May 20, 2006
Children Illegally Detained in Rwanda
Human Rights Watch released a report last week on children in Rwanda being held in horrible living conditions in a detention center in the Gikondo neighborhood of the capital Kigali. The paper, “Swept Away,” documents how thousands of Rwandan children live on the streets of
Kigali and other urban areas.
Many of these children are orphans as a result of the genocide or AIDS pandemic and have no homes or adult supervision. City workers have been rounding up these kids since the late 1990s and since 2005 they are being detained in a former warehouse in Gikondo.
The report also states that Gikondo is a short distance away from some of the luxury hotels popular with Western tourists or international staffers. I imagine these hotel conference rooms being used by bureaucrats for their meetings on poverty erradication or refugee resettlement. Meanwhile a few kilometers away, the youngest citizens who most need protection are housed like animals with little if any access to education or nutrition/health care. Oh, all right, I’ll get off my soapbox.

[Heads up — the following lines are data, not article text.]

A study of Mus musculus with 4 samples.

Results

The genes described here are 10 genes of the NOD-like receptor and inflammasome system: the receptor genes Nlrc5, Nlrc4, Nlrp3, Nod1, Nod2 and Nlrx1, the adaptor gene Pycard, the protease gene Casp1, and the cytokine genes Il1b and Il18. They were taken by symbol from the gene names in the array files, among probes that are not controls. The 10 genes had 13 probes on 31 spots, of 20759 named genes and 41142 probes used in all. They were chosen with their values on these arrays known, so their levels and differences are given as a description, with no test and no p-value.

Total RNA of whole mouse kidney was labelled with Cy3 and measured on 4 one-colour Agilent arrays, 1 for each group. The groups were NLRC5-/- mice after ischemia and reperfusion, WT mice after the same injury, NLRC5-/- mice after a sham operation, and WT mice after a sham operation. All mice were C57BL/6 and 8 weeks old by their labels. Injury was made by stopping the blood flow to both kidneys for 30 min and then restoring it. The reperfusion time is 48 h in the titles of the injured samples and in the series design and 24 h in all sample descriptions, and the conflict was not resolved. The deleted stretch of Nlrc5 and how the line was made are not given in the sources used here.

Some detainees spend weeks or months living in these detention centers where they receive inadequate food, water, and medical care. They sleep on the floor without blankets or mattresses. Supposedly the detainees are charged as “vagrants” but there is no due process or formal judicial proceedings.
“Kigali city officials who are running the detention center recognize that it must be closed,” said Alison Des Forges, senior adviser to the Africa division of Human Rights Watch. “Detaining children just because they are poor, dirty, and have no one to care for them violates their rights. Under international and Rwandan law, the state must protect these children, not just sweep them out of sight.”
The Institute of War and Reporting also prepared a paper on street children in Rwanda last August. It is available on ReliefWeb. While Rwandan government officials have pledged to do more to help street children and those living in detention, what is needed is more financial support for local communities in Kigali, so that they have social services in place to help those marginalized.